Friday, June 15, 2018

California Judge Finds in Favor of Jarod Taylor and 'American Renaissance'

I didn't realize he'd been banned from Twitter.

At Bloomberg, "Twitter to Face Claims by ‘White Advocate’ Over Banned Accounts":
Twitter Inc. lost its bid to dismiss a lawsuit by a “white advocate” who was banned from the site in a challenge to the company’s ability to exclude users it deems objectionable.

California Superior Court Judge Harold Kahn in San Francisco rejected Jared Taylor’s claims that Twitter violated his free speech rights and discriminated against him when it permanently suspended his accounts in December.

But he said Taylor properly supported his allegations that Twitter’s policy of suspending accounts, in the judge’s words, “at any time, for any reason or for no reason” may be unconscionable and that the company calling itself a platform devoted to free speech may be misleading and therefore fraudulent...
And, at American Renaissance, "Jared Taylor Wins First Round in Anti-Censorship Suit Against Twitter":
For Immediate Release

Media Contact:
Henry Wolff
Assistant Editor
Phone: 703-716-0900

Yesterday, California Superior Court Judge Harold E. Kahn rejected Twitter’s petition to dismiss the suit Jared Taylor brought against Twitter for banning his Twitter account and that of his organization, American Renaissance. The judge also rejected Twitter’s motion under California’s Anti-SLAPP law to strike the complaint, adding that it was “hard to imagine a clearer public interest lawsuit.”

Judge Kahn described Taylor’s complaint as “very eloquent,” adding that “it goes to the heart of free speech principles that long precede our constitution.”

Judge Kahn recognized Taylor’s claim under California’s Unfair Competition Law (UCL) that Twitter could be, in effect, guilty of false advertising by holding itself out as a public forum for free speech while reserving the right to ban the expression of ideas with which it disagrees. Judge Kahn also recognized Taylor’s claim under the UCL that Twitter’s terms of service—according to which it claims the right to ban any user any time for any reason—may well be “unconscionable,” and a violation of the law.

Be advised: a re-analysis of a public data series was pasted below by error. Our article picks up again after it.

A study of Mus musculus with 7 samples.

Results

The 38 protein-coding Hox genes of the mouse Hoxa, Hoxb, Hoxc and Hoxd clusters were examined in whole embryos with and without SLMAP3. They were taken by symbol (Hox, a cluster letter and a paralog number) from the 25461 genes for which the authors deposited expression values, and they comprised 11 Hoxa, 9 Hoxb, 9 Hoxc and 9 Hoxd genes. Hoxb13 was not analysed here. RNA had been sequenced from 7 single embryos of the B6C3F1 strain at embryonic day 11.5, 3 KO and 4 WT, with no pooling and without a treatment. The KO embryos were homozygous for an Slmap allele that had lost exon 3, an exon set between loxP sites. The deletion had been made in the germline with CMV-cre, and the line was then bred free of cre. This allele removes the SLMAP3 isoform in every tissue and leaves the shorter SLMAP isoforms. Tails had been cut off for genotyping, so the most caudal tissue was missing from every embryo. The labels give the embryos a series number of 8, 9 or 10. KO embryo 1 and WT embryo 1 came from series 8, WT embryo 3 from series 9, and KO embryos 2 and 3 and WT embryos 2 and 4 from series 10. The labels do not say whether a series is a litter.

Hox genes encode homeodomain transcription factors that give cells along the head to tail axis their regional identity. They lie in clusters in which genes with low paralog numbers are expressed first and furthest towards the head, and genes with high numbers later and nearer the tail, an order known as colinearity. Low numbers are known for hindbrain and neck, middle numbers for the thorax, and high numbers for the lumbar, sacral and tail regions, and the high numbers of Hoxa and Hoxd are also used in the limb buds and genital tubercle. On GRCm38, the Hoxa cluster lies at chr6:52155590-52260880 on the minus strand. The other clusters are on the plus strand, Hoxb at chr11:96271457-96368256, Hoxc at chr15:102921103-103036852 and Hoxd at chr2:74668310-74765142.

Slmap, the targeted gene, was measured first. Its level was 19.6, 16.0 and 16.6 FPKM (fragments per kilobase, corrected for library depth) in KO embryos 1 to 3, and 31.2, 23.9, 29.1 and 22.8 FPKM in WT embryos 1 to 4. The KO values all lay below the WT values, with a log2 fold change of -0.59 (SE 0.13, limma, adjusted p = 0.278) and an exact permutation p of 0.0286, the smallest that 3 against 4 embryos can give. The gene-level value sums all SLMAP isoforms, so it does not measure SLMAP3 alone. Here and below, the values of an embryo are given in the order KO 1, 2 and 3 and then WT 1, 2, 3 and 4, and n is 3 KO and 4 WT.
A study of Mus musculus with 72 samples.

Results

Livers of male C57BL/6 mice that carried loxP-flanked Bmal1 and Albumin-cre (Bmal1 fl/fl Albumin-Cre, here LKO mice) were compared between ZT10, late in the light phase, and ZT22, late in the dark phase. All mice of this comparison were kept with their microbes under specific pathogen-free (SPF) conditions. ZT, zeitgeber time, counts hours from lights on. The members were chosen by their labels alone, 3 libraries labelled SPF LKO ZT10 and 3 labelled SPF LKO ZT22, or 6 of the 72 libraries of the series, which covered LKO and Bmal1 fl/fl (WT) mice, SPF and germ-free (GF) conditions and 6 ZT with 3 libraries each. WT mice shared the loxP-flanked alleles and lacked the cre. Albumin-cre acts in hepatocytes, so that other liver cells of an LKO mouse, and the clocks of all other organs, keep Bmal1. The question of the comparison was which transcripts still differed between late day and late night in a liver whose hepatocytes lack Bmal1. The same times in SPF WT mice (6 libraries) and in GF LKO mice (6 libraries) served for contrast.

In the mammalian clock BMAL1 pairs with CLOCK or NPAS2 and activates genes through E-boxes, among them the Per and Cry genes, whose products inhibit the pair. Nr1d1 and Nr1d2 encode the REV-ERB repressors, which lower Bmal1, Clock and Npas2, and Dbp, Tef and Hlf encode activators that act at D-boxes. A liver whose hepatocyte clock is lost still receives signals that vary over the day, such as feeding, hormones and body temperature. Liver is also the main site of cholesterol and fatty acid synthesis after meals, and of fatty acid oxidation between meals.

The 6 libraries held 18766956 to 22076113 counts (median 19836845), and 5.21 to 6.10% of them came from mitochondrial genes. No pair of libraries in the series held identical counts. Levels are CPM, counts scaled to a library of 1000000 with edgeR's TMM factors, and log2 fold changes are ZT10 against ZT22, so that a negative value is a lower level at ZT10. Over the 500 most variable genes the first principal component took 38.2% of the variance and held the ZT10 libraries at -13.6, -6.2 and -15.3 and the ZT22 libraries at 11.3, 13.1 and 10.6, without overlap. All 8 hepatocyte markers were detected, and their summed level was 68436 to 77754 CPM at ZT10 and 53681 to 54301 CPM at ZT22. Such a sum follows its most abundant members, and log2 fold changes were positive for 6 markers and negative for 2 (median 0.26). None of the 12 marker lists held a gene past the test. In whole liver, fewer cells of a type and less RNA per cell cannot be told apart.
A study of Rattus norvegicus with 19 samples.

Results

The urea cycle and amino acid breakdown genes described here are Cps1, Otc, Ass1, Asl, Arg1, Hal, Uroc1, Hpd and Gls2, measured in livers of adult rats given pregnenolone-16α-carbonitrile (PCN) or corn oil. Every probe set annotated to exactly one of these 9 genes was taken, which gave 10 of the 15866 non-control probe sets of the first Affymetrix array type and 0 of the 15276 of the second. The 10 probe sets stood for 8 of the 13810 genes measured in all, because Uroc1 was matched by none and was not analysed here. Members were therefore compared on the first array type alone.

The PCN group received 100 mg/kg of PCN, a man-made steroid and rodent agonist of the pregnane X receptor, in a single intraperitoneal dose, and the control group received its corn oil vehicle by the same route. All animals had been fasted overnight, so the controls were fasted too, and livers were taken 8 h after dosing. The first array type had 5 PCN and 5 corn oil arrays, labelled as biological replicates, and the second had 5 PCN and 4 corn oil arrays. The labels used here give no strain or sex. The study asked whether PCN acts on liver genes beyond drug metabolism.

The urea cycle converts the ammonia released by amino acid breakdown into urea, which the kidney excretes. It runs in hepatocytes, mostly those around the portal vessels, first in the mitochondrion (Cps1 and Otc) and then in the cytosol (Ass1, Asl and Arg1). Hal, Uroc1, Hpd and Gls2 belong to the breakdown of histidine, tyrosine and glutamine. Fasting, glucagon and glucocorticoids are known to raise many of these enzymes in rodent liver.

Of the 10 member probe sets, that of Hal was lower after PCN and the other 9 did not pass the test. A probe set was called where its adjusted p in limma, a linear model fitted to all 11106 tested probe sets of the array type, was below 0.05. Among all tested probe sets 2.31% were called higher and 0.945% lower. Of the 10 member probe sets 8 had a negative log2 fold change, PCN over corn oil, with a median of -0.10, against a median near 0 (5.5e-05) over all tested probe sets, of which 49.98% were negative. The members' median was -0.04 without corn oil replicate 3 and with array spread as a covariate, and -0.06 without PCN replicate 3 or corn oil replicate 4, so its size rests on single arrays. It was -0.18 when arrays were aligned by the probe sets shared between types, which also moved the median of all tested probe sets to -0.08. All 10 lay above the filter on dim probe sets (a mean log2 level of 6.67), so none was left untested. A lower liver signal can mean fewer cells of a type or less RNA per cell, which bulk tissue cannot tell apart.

In oral argument, Judge Kahn asked: “Twitter can discriminate on the basis of religion, or gender, or sexual preference, or physical disability, or mental disability?” Counsel for Twitter conceded that it claimed that right—even though it would never exercise it. Judge Kahn denied that Twitter has such a right.

This is the first time censorship by a social media platform—an increasingly widespread practice seen by many as discrimination against conservative viewpoints—has been found actionable under state or federal law. This finding could have far-reaching consequences for other internet platforms that have become essential vehicles for the expression of ideas but that silence voices with which they disagree.

Twitter now has 30 days to answer Taylor’s claims.

The hearing transcript is available here. Coverage: Bloomberg, Associated Press, Law 360.

Jared Taylor and American Renaissance are represented by Washington, D.C., attorney Noah Peters (, Michigan State University law professor Adam Candeub (, and prominent free speech advocate Marc Randazza (702-420-2001).

Note that it's not a First Amendment lawsuit, but is basically civil rights and fair business practices litigation.